FEARS that fracking in East Lancashire has secretly started have surfaced on social media after hi-tech ground monitoring equipment was sighted on open land.

One tweet warned shale gas extraction was under way between Accrington and Huncoat while another post accused the landowner of illegally installing electric fences.

The owners of the specialist seismic monitoring equipment United Utilities have been quick to explain that online conspiracy theorists were wrong.

The machinery is being used to investigate land earmarked for the repair and refurbishment of the Haweswater Aqueduct, the North-West's biggest water pipe, over the next 10 years.

The team of geotechnical engineers were carrying out investigations along the route at Peel Park and the Coppice between Accrington and Huncoat when their equipment was spotted.

One Twitter user posted: "We have frackers on the Coppice folks.

"Just been up there to find a shed load of these little blighters across the back end fence at the motorway.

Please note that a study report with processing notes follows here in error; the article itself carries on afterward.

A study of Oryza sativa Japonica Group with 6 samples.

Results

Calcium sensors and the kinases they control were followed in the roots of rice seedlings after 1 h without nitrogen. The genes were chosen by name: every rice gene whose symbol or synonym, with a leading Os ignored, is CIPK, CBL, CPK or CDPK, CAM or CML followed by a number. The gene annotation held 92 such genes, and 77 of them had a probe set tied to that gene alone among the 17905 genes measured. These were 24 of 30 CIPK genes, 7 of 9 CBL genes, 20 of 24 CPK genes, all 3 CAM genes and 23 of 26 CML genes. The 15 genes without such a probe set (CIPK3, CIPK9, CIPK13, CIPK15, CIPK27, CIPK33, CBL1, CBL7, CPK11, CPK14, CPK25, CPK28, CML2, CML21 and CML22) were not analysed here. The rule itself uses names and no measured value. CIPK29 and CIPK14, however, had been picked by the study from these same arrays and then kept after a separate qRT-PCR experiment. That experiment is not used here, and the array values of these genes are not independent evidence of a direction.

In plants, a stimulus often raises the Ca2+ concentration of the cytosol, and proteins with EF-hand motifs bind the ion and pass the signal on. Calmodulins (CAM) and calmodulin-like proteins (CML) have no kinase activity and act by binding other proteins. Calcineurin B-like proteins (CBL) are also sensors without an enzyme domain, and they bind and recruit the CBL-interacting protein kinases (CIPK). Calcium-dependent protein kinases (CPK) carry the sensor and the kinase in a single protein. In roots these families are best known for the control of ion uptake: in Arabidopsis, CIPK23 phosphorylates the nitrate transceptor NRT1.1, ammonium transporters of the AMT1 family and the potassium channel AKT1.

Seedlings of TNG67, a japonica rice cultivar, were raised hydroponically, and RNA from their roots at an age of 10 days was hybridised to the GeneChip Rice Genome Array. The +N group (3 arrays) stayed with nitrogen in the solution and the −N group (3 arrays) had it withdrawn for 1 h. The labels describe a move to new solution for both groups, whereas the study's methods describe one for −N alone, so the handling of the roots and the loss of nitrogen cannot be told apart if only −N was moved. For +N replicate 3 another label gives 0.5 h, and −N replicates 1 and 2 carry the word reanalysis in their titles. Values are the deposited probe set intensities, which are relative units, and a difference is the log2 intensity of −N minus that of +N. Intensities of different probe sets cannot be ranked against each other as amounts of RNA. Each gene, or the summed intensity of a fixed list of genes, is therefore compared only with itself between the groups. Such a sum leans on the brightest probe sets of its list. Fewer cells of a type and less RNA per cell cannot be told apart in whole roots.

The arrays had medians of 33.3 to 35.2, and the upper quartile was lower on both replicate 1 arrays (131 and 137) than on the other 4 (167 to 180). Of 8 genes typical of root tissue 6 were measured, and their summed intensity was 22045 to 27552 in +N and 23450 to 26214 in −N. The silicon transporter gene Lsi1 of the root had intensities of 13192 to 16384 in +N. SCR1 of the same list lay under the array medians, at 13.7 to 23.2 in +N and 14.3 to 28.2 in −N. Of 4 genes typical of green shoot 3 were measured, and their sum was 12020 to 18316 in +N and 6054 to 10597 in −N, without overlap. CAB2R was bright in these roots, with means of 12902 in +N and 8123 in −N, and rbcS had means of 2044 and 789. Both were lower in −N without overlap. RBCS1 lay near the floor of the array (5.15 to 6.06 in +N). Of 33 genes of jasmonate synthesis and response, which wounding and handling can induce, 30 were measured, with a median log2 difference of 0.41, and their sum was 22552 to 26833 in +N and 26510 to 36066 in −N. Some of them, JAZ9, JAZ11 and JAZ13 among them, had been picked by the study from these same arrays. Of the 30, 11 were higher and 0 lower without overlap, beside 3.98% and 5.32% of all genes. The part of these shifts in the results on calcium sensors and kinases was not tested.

"Either they are looking to frack on the Coppice, testing to find weak spots in the rock or they have started to frack again somewhere else and are measuring the affects.

"You council are absolute tin pots, when did they ask your permission to install this corporate garbage on our hill."

Chris Tighe, UU's project coordinator, said: “We’re using seismic monitoring equipment at the surface and we’re also drilling down to build up a picture of the ground conditions around the pipeline.

"Some of the kit is carried in large vehicles and it’s understandable that people want to know what is happening.

“We have written to residents in the local area but one or two people seem to have their own version of events. The truth is much less controversial!”

The surveys are being carried out along the route of the 1950's pipeline which brings water from the Lake District into Lancashire and Manchester. Further investigation sites include The Hollow in Hyndburn and The Halo and Fletcher Bank Quarry in Rossendale.

UU's director of strategic programmes Neil Gillespie said: “The Haweswater Aqueduct is one of the arteries of the North West’s water supply system and a project of this scale takes a lot of planning. That’s why our survey teams will be out and about this year."